Do yourself a favour, read this before heading offshore
THE set-up for deep sea fishing is as important as learning to fish the ocean.
Boats need to be safe and equipment needs to be right for the type of fishing you are about to undertake.
Safety first: Offshore boats have special requirements depending on how far you are planning on going. Regardless of the legal requirements I believe any boat heading offshore should carry the basics of a marine radio, EPIRB, flares, v sheet, PFD 1 lifejackets, first aid kit, mobile phone and some form of survival kit containing food and water. All vessels should log in with Marine Rescue (UHF 88, VHF 16) with details of where they going, how long for as well as boat and contact details. This takes less than a minute of your time.
Equipment: there is a huge amount of electrical equipment you can buy to help you navigate and then find fish. Like most things in life the more you spend the better it gets. Try not to be too stingy in this regard; good equipment does make a difference.
GPS: these units have been readily available to the public since the 1980s and get better every model. They will allow you to travel to a spot in a direct line saving fuel and time as well as record all your spots for future trips. Almost all GPS units will allow you to store around 1000 spots. Save anything that looks good, (the fish may not be biting at that spot today but they were there). I have found fish come back to the same areas annually. So I mark spots with the date and what I caught (eg. 25.5.15snap.) this creates a diary in your GPS, they may not be exactly there next time but they will be within 100m as a general rule.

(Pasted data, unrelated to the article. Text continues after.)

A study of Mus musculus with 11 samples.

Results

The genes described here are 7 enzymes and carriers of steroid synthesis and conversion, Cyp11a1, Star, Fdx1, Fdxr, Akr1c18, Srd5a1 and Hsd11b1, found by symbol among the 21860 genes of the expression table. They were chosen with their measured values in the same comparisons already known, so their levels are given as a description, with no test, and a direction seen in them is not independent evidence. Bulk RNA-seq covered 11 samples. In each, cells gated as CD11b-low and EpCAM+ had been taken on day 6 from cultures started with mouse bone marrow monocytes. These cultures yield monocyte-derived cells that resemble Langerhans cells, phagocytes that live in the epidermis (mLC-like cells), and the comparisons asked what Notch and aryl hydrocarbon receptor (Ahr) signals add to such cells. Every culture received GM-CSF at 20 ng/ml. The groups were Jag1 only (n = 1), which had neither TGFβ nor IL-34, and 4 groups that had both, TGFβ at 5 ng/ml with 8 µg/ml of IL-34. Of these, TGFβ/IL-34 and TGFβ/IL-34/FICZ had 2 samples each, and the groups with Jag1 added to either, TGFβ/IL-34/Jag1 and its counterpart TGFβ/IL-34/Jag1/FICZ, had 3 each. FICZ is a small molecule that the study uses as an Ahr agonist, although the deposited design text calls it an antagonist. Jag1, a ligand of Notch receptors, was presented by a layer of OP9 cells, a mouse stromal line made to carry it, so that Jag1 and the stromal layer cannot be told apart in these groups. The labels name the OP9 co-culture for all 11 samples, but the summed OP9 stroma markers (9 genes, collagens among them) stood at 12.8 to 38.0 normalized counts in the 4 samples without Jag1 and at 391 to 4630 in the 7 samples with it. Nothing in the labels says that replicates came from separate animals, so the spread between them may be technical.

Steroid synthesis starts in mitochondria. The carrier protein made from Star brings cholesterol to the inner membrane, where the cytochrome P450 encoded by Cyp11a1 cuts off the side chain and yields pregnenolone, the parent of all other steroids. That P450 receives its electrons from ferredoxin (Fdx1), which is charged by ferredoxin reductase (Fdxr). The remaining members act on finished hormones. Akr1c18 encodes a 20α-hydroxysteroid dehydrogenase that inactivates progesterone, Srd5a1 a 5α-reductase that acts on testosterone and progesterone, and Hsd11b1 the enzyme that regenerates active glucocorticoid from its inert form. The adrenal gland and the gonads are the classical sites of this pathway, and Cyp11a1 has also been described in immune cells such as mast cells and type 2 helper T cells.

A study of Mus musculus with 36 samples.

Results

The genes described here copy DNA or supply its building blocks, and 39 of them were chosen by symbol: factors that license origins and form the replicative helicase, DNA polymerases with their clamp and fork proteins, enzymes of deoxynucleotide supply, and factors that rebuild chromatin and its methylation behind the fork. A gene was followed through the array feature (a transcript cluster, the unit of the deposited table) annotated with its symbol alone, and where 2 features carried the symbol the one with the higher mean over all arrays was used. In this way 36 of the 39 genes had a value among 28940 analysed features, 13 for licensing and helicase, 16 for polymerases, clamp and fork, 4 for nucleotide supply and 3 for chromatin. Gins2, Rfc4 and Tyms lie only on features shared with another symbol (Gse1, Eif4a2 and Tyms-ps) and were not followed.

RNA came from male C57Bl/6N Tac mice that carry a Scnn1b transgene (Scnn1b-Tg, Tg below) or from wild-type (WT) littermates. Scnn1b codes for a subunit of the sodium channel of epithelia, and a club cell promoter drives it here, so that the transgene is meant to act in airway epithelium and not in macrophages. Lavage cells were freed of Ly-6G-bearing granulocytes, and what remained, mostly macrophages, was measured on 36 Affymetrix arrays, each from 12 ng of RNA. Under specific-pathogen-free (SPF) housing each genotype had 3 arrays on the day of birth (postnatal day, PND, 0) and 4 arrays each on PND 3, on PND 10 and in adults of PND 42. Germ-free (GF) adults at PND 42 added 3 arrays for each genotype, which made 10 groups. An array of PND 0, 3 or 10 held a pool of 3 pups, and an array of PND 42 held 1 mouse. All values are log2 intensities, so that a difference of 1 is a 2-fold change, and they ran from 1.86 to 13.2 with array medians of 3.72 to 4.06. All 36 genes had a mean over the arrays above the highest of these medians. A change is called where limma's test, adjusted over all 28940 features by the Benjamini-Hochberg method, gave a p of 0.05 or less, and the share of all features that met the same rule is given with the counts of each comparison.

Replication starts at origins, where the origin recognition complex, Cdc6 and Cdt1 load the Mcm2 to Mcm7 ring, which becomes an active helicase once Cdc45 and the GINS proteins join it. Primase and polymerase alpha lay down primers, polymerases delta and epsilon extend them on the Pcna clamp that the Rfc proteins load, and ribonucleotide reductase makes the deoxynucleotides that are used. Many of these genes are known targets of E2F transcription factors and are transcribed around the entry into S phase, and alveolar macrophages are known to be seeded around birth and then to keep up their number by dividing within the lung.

Sounders/sonar: most sounders now come with dual transducers (high and low frequency) - seems back to front but you should use high in the shallow water and low in the deep water. Most people fish in less than 50m of water, so high is all you would use. Low comes into its own when we fish 100 to 900m deep. The basic auto command on most sounders will let you find structure and fish. If you have fish ID and fish alarm my advice is turn them off. They will just confuse you and are far from accurate.
Have the sounder in full screen mode when travelling but change to a split screen with a zoom box set at around 7 to 10m when looking for fish.
Tweak your sounder, turn the chart speed up to 75% or faster, this will give you a more accurate vision of the change in the bottom structure as you travel over it. Turn the sensitivity up to 80% or better, depending on the amount of noise it picks up. This will show fish on the edge of you transducer limit better. Travel as slow as you can in circles around a spot and when you locate fish mark with the gps.